Metropolitan police did not have enough officers on the streets and were slow to deploy those they did have, interim report says
Intelligence-gathering systems at Scotland Yard could not cope with the scale and speed of the disorder that spread across London in August, according to an interim report .
The Metropolitan police did not have enough officers on the streets and did not deploy those they did have quickly enough, the report by the force said.
It said the Metropolitan police service (MPS) was reviewing the use of other tactics to respond to public order events, including water canon.
It also revealed that the force has increased the number of officers trained to fire baton rounds, so teams could be deployed more flexibly.
Senior officers are also considering whether they should seek more powers to deal with large scale disorder.
Assistant commissioner Lynne Owens said: "Our review continues to be a significant undertaking and today's interim report is part of our commitment to being as open a possible so that the public, our partners and the MPS can understand what parts of our response worked well and what we are doing to improve."
The report said the Met planned to develop an accredited public order-trained group of intelligence and investigation specialists to manage fast developing intelligence from public order situations as a result of the failures it has identified.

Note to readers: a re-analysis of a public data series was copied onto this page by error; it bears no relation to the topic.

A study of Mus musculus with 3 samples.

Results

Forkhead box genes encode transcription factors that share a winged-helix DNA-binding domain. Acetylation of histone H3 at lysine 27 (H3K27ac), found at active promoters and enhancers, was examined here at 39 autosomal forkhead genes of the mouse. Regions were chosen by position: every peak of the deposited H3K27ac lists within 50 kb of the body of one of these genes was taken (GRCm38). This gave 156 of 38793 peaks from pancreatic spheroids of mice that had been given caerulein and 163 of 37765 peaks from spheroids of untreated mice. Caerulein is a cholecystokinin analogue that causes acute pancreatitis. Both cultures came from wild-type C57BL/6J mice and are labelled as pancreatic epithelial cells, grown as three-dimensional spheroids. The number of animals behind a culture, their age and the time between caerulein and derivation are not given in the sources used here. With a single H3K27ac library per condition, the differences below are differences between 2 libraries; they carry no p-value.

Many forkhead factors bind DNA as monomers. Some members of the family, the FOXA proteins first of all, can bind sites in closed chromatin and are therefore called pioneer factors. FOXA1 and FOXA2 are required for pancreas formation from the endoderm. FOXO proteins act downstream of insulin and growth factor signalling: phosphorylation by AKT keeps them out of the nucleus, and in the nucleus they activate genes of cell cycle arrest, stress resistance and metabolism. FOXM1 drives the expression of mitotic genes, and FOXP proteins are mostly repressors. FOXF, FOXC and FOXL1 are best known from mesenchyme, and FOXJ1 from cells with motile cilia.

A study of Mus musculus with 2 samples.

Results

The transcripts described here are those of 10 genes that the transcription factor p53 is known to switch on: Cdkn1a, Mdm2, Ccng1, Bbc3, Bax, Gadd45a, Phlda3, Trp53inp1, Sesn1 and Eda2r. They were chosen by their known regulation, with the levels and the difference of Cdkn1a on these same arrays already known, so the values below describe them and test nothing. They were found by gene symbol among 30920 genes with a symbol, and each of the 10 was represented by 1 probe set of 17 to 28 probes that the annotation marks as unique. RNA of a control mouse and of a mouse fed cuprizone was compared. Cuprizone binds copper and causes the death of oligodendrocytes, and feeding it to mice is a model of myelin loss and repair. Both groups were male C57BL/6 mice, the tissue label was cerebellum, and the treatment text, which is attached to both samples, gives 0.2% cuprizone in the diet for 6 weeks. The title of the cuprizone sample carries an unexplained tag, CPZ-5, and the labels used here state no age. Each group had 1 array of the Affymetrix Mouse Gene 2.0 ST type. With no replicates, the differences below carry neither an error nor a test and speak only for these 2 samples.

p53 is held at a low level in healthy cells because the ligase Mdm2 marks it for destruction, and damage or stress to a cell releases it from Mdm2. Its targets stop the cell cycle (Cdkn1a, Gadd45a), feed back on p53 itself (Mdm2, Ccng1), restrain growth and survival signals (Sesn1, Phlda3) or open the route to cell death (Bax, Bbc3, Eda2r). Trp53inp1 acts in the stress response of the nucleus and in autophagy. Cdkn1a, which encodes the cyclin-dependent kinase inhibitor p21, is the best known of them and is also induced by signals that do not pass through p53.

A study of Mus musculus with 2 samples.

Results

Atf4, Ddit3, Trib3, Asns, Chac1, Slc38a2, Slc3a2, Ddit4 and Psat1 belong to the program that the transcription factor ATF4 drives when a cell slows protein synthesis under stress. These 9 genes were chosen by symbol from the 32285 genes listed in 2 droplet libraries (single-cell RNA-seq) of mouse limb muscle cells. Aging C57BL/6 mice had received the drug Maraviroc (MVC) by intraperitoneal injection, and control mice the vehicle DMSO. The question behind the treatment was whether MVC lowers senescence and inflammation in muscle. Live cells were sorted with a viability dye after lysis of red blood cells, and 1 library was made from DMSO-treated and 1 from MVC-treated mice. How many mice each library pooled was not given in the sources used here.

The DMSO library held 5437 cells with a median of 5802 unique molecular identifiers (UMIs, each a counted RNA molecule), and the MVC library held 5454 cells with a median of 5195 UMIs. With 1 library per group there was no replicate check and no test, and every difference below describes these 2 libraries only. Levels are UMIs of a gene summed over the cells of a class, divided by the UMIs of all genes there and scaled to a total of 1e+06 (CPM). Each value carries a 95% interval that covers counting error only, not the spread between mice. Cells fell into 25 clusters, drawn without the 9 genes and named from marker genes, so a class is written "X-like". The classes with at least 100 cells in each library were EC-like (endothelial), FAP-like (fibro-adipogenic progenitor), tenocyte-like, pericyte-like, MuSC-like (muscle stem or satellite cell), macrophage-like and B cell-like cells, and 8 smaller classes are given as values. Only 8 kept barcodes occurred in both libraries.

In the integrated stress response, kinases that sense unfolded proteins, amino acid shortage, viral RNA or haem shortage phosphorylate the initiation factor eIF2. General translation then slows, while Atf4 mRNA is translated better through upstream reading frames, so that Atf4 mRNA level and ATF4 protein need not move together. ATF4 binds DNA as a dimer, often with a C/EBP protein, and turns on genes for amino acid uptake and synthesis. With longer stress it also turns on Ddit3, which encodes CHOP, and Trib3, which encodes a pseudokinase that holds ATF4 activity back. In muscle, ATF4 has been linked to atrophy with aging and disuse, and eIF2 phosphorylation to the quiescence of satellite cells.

The report added: "The MPS acknowledges that there are examples of the public feeling let down where police were not immediately able to come to their aid or prevent the destruction of property. This was because there were not enough officers to deal with the unprecedented scale and geographical spread of the disorder."
The Met, however, defended its community liaison and borough response following the shooting of Mark Duggan ? the event that sparked the rioting in Tottenham, north London.
Despite widespread criticism that a swifter, more sensitive response to the family and local concerns could have defused tension, the Met said "community engagement was seen as an immediate priority".
"The specific activity undertaken by Haringey borough following the incident was comprehensive and strenuous in its efforts to ensure effective communication ? across the borough.
"The MPS used existing community contacts to seek information regarding community tension and to consult on the policing style to adopt.
"As soon as police became aware of family and community concerns regarding communication, direct liaison with the IPCC [Independent Police Complaints Commission] was undertaken to relay these concerns."
The Met said it was still analysing why the rioting occurred. It was either "spontaneous without any degree of forethought" or there was tension among sections of the community that was not identified through the community engagement process.
The report said that as well as improving the intelligence gathering, changes have been made to the way public order officers are mobilised to make the response more "agile."
Owens has already stated that the Met could train up to 10,000 officers in public order to ensure it is not left under-resourced again.